Date of Award
Doctor of Physical Therapy (DPT)
Accidental Falls -- prevention & control; Aged; Risk Assessment; Risk Factors
Background: One-third of all adults over the age of 65 years of age falls each year. Falls cost patients financially, physically, and emotionally. Balance and strength deficits contribute to increasing an individual's fall risk. Studies have shown the efficiency of community-based exercise and education programs on reducing the risk of falling.
Objective: The purpose of this study was to determine whether participants in Stepping On experienced an improvement in balance and confidence following completion of the program. The study also evaluated the correlation between self-perceived risk of falling on the CDC Fall Risk Survey and their actual risk of falling determined by comparing their score on the 30-Second Chair Stand Test (30sCST) to age-related normative data.
Methods: Three participants were recruited from a local Stepping On program. Baseline date was received through a series of surveys and questionnaires collected during Weeks I and 7. Balance assessments (30sCST, Timed Up and Go Test, the 4-Stage Balance Test, and the Activities-Specific Balance Confidence Scale) were also performed during the Week 1 and Week 7 sessions.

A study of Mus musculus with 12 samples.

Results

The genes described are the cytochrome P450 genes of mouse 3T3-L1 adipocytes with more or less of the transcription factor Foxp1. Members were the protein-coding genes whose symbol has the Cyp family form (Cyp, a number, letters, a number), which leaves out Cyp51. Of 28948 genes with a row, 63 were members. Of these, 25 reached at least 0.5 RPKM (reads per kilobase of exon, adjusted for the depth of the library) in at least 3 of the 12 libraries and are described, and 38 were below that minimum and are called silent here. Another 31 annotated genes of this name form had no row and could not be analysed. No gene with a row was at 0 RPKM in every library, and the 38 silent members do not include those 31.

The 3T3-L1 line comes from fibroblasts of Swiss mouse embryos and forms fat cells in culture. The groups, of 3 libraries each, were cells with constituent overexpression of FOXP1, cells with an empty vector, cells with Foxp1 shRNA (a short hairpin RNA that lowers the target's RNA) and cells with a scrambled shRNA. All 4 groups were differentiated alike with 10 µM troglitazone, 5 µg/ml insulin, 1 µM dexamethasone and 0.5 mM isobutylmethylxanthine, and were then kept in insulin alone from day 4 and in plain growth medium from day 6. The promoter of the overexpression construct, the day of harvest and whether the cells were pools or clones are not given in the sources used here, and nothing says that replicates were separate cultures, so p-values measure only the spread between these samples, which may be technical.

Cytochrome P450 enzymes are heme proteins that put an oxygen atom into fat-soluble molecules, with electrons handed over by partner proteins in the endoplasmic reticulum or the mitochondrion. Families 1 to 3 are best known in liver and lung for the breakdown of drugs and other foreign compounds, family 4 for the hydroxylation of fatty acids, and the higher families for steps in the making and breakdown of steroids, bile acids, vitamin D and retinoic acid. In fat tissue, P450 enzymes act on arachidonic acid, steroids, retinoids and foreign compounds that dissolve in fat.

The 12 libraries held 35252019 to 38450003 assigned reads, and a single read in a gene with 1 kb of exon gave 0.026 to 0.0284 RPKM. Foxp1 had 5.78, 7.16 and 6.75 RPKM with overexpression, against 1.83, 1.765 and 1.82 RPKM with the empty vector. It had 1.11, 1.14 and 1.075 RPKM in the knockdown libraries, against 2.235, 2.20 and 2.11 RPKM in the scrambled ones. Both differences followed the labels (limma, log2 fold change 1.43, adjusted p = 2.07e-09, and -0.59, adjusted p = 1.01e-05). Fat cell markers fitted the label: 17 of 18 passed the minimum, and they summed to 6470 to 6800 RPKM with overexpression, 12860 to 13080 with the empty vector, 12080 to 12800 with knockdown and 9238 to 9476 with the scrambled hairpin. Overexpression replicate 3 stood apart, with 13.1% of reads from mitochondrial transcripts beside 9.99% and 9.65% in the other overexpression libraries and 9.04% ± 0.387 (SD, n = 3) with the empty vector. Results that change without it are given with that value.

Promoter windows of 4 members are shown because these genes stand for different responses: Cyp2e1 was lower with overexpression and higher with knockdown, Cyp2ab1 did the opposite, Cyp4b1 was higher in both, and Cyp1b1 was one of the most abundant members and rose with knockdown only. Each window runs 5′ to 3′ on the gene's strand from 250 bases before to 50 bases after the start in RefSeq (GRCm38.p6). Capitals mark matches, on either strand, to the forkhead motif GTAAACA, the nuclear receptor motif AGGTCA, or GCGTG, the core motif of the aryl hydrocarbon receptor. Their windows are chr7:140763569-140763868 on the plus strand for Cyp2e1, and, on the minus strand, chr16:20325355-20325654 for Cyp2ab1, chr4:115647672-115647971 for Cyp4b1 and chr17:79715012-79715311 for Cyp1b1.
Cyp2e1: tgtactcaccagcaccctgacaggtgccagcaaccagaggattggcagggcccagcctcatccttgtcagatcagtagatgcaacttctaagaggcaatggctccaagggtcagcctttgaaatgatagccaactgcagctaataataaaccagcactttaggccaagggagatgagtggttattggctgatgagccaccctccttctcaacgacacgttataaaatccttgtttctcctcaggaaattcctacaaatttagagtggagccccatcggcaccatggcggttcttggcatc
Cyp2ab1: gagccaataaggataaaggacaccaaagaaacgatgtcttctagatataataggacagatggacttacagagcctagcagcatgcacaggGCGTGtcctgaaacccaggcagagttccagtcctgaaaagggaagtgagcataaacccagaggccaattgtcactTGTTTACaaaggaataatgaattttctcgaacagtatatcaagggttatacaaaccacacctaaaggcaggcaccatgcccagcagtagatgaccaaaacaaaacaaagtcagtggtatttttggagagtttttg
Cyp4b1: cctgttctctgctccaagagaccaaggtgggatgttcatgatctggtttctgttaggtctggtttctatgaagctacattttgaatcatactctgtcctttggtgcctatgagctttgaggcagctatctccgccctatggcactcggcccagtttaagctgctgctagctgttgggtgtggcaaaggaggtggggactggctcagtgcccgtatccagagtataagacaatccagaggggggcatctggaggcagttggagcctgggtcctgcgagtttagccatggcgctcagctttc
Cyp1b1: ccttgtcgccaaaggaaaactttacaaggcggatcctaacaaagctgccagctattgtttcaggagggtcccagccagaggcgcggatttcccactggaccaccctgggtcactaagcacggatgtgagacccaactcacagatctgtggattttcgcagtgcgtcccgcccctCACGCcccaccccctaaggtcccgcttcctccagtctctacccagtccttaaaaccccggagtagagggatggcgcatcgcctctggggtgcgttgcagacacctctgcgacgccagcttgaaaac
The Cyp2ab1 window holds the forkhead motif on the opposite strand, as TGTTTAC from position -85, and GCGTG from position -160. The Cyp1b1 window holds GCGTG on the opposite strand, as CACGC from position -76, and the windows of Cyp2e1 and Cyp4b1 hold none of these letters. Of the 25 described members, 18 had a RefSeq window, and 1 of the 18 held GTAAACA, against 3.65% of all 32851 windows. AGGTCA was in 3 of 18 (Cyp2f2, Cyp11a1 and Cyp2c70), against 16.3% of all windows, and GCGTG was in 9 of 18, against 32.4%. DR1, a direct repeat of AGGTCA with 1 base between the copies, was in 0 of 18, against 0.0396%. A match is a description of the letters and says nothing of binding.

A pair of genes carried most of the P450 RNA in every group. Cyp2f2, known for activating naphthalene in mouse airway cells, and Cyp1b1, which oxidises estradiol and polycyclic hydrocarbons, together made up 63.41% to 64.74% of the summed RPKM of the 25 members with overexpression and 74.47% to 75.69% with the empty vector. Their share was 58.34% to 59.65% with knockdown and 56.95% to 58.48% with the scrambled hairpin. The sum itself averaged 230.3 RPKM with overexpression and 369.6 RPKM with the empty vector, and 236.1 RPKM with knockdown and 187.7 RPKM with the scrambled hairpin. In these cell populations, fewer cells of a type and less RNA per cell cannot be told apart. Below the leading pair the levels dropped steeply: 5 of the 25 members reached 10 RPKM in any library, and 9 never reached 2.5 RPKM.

Results: Participants' scores on the 30-Second Chair Stand Test will be compared to normative data provided by the CDC. The CDC Fall Risk Survey will be scored and compared to a score determined by the CDC to indicate risk of falling.
Conclusion: The 30-Second Chair Stand Test is a quick, easy, and effective method to measure an older person's risk of falling. The CDC Fall Risk Survey combines participant confidence and functional activity and is a valuable tool to assess risk of falling.
Albrecht, Brianna, "The Effectiveness of "Stepping On" in Reducing Fall Risk in the Elderly Using the 30-Second Chair Stand Test" (2017). Physical Therapy Scholarly Projects. 536.